Industry Voices—Raynovich: How SES is taking SD-WAN to space

SES's deployment of SD-WAN enables connections in hard to reach places such as oil rigs and ships. (SES)

Global satellite communications powerhouse SES recently launched a managed SD-WAN service, extending enterprise communications to its multi-orbit satellite networks. This is an important move that demonstrates the expanding applications of SD-WAN technology. 

It only makes sense that SD-WAN technology, whose power and popularity has been consistently underestimated, is now being extended out to satellites, which have the advantage of global coverage where terrestrial networks might not exist. SES says its services extending SD-WAN to its multi-orbit satellite fleet will provide new use cases such as terrestrial fiber trunking for network backup, seamless maritime connectivity, and IoT connectivity in the energy industry, to provide a few examples.

The key of the SES offering is that it's the first multi-orbit satellite integration of SD-WAN. SES is by most measures the largest satellite provider in the world, operating 50 Geostationary Earth Orbit (GEO) and 20 Medium Earth Orbit (MEO) satellites that have different characteristics and capabilities. The GEO satellites orbit at approximately 36,000 kilometers and have latency of about 600 milliseconds, while the MEO orbit is 8,000 kilometers with latency of about 120 milliseconds. 


By leveraging satellite, SES will use SD-WAN to build automated backup and load-balancing features into network access for maritime, energy, and commercial aero sectors. For example, SD-WAN can be used to build resiliency into terrestrial communications as automatic failover for fiber links. SES says its O3b mPOWER network has capacity rates up to 10 Gbps, including an IP transit service for cloud access. Another important area is IT maritime applications such as managing customer experience for passengers on cruise ships who want seamless internet connectivity hand-off between mobile networks on land and satellite access at sea. 

Another important area for satellite will be for IoT in manufacturing and energy industries. For example, an oil rig could use satellite networks to upload data to an IoT cloud service. In an interview with FierceTelecom last year, SES Networks CEO JP Hemingway explained how a satellite-enabled SD-WAN could be used to real-time data-driven decision making with its partner, IBM.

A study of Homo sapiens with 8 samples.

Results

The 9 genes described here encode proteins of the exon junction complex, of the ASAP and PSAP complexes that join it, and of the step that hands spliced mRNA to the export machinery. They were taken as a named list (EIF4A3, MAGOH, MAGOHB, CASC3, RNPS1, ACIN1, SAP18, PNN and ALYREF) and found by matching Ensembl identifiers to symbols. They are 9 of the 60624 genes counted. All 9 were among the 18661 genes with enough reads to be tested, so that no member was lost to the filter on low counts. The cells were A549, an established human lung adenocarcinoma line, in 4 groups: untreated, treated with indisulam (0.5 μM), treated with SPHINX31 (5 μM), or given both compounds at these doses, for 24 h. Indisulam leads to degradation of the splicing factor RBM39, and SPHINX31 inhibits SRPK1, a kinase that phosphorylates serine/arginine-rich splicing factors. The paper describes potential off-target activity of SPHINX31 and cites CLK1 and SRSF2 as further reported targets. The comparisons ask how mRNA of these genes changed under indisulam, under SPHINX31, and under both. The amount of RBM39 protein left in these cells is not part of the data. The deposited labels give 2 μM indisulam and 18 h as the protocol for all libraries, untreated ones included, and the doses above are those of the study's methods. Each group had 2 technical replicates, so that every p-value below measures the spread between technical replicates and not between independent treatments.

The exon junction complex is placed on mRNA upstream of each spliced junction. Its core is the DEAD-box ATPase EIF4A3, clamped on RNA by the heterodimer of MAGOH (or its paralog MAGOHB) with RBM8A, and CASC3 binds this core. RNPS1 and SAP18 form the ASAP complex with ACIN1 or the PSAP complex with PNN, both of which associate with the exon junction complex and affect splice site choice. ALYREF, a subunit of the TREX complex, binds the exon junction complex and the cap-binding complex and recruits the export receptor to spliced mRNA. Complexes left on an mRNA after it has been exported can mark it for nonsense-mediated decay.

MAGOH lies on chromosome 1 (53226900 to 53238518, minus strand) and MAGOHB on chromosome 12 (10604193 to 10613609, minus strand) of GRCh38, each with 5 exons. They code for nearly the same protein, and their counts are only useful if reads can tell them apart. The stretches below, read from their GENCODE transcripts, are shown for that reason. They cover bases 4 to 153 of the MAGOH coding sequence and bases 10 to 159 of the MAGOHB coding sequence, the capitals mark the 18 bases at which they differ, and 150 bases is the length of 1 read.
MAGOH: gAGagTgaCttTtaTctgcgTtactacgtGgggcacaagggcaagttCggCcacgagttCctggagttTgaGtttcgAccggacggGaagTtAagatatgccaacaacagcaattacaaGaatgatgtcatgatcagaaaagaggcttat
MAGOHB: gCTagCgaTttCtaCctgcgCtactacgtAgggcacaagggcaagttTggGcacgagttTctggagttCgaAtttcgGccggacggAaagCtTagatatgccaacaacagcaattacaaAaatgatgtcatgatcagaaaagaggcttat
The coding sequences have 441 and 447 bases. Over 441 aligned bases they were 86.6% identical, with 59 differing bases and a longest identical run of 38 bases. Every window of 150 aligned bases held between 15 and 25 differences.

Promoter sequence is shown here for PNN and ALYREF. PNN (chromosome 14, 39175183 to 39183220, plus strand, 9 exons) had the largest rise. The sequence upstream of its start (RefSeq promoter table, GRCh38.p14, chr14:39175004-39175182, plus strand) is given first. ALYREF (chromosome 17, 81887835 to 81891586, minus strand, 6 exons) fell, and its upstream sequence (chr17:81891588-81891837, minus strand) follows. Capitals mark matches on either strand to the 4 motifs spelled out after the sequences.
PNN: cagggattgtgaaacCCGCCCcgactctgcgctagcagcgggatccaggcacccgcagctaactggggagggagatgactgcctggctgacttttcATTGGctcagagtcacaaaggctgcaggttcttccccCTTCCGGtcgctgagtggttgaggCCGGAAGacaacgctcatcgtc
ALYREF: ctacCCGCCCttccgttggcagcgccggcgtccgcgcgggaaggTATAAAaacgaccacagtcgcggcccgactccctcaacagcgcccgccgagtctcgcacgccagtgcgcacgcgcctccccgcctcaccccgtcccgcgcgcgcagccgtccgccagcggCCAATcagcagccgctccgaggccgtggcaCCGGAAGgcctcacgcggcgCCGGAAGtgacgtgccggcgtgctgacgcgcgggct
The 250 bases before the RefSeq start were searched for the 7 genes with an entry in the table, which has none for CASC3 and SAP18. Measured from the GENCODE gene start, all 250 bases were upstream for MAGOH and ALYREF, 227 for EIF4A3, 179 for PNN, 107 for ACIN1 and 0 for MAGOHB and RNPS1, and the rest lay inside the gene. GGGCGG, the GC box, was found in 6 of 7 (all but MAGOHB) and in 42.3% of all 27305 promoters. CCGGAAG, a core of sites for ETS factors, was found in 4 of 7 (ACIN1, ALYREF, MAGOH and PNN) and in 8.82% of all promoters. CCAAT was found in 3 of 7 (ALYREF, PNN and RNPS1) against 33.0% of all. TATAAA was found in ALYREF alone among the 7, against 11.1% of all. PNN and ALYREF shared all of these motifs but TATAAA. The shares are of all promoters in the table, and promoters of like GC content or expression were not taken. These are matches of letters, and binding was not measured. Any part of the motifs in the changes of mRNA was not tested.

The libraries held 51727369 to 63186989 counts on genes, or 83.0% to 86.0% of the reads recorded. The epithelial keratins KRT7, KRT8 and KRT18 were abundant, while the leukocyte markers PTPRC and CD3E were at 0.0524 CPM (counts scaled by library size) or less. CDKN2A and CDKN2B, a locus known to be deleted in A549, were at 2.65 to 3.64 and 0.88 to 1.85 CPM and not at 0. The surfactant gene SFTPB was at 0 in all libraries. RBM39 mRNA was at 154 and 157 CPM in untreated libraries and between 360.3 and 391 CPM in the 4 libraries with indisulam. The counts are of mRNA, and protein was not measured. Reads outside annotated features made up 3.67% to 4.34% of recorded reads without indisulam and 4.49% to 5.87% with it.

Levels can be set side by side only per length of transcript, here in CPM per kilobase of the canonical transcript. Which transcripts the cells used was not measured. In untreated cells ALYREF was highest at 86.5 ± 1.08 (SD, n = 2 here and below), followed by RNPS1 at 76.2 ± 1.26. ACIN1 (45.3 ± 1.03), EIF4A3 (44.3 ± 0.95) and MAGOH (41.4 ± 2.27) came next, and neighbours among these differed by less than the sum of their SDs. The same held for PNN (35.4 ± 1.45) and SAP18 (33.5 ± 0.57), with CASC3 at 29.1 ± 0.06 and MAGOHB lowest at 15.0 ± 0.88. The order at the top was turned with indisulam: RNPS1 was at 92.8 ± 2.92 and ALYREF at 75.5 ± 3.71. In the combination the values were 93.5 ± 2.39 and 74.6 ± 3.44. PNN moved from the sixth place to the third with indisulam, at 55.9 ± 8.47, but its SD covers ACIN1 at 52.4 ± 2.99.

SES, which announced its move into SD-WAN managed services last year, will be driving it with its O3b mPOWER MEO assets, which it purchased in 2016 with a nearly $1 billion investment. It has outlined the new SD-WAN use cases in a whitepaper on its website.

In its study, SES says that SD-WAN coupled with satellite will improve network reliability. It points out that research by Deloitte shows that improving resiliency and performance of network access can boost overall Gross Domestic Product (GDP) and economic growth. Farmers can use real-time data to maximize crop yields and outputs, for example, leading to 33% higher profits. Deloitte estimates that in low- and middle-income economies, firms in the manufacturing sector with reliable broadband internet access generate 6% more foreign sales than those without.

The expansion of SD-WAN into the multi-orbit satellite world is an exciting development and demonstrates the potential for multiple network assets and applications to be integrated using software-defined technologies. It shows how SD-WAN is expanding its market as a tool to improve network resiliency and efficiency. 

R. Scott Raynovich is the founder and chief analyst of Futuriom. For two decades, he has been covering a wide range of technology as an editor, analyst, and publisher. Most recently, he was VP of research at SDxCentral.com, which acquired his previous technology website, Rayno Report, in 2015. Prior to that, he was the editor in chief of Light Reading, where he worked for nine years. Raynovich has also served as investment editor at Red Herring, where he started the New York bureau and helped build the original Redherring.com website. He has won several industry awards, including an Editor & Publisher award for Best Business Blog, and his analysis has been featured by prominent media outlets including NPR, CNBC, The Wall Street Journal and the San Jose Mercury News. He can be reached at [email protected]; follow him @rayno.

Industry Voices are opinion columns written by outside contributors—often industry experts or analysts—who are invited to the conversation by FierceTelecom staff. They do not represent the opinions of FierceTelecom.